Political Analysis: Leesburg Town Elections Turn Partisan

Political Analysis: Leesburg Town Elections Turn Partisan

On Election Day this year, voters across the state and across the country will go to the polls to choose the President of the United States and the next U.S. senator from their state. But voters in the Town of Leesburg will find another, perhaps unexpected, addition to their ballots.
In the strange and bizarre world of professional political consultants, Virginia is considered a bit of a gold mine in that it is one of the few states which has an election every single year and sometimes more often than that. Last November, in one of Virginia’s trademark off-year elections, Leesburg voters who turned out to vote for county and state officials also voted to permanently move the Leesburg Town elections from May to November so as to be on the ballot with Federal elections. While this decision was chosen overwhelmingly (75% to 25%) by the voters, one cannot help but question the sensibility of placing a supposedly non-partisan election on a ballot with perhaps the most bitterly partisan and divided race in recent memory. In this context, non-partisan means that on the actual ballot, none of the candidates will have an (R) or (D) next to their name, signifying their party affiliation like on the presidential and senatorial sections of the ballot. However, this does not prevent political parties from influencing town elections. At all polling places, both parties hand out sample ballots detailing who each party supports. The federal candidates are obvious, but the entire dynamic of the town election could be changed by uneducated voters who come out to vote for Mitt Romney or Barack Obama and cast their votes at the town level for whoever is supported by the Republicans or Democrats, respectively.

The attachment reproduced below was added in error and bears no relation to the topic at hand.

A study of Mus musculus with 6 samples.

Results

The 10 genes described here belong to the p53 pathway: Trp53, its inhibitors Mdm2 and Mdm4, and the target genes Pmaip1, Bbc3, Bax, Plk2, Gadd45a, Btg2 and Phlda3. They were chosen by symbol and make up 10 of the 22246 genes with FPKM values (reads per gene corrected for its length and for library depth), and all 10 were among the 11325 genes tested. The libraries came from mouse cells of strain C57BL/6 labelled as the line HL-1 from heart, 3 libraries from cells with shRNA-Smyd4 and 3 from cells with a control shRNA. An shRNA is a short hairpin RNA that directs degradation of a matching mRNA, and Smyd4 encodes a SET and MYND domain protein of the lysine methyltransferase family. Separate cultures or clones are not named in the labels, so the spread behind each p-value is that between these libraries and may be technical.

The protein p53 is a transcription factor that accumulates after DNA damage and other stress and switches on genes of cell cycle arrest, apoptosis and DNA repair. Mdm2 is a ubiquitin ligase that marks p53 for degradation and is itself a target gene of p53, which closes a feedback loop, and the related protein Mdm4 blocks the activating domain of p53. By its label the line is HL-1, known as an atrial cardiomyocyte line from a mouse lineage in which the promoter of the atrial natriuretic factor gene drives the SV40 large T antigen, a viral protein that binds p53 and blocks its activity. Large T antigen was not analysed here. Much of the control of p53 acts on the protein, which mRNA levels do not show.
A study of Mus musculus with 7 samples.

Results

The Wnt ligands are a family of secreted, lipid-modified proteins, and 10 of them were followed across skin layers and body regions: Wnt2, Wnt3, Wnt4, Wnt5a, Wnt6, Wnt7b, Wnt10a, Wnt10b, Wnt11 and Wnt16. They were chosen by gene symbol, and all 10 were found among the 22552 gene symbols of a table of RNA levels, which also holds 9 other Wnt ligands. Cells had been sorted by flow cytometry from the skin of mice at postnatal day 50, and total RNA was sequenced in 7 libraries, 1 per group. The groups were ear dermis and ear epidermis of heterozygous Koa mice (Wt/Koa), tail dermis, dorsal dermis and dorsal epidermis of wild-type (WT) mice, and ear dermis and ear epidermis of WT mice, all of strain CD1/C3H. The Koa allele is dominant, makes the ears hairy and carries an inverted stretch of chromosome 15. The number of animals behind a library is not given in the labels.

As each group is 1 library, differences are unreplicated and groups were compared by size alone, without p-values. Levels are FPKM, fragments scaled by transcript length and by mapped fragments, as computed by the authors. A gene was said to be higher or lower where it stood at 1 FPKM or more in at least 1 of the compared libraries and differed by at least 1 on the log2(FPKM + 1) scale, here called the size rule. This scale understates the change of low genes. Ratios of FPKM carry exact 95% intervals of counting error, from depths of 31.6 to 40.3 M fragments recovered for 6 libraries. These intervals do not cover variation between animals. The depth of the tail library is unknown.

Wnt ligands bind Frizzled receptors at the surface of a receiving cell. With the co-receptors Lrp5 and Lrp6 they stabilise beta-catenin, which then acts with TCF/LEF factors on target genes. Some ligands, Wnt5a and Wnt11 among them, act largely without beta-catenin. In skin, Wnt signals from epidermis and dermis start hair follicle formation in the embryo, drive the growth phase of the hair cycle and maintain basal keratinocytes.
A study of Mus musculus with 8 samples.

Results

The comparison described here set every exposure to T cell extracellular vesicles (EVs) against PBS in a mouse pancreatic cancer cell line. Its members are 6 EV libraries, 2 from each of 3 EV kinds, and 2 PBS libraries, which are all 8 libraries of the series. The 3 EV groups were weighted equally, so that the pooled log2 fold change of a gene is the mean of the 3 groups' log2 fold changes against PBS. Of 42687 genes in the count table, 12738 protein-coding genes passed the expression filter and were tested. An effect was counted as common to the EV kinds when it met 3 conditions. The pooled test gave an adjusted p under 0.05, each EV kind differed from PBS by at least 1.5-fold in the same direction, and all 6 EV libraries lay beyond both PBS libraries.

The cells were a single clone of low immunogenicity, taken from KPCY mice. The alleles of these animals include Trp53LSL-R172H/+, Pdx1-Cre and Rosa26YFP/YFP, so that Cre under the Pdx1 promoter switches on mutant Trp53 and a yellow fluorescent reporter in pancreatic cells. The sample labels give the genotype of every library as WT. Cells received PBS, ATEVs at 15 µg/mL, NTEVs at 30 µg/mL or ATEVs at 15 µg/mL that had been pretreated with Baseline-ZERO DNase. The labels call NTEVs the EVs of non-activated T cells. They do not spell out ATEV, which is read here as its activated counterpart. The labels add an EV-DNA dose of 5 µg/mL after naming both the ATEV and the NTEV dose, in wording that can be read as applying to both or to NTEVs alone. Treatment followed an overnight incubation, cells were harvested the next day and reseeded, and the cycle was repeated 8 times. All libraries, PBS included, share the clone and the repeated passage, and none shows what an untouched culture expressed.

The fact is that with most decisions made at the town level, partisan platforms and ideas don’t necessarily apply. Each candidate should be evaluated for their records and ideas, and not because a certain party has endorsed them. While candidates for town council have received partisan endorsements before, never has it meant so much as now. On the ballot this November, there are only 2 independents running for the council, incumbent Katie Hammler, and S. Anne Robinson (who was endorsed by the Democratic Party in her previous candidacy for town council and served as an officer in the local party), in addition to 3 Republicans and 2 Democrats running for 3 at-large seats, and a Republican and a Democrat fighting for the position of Mayor.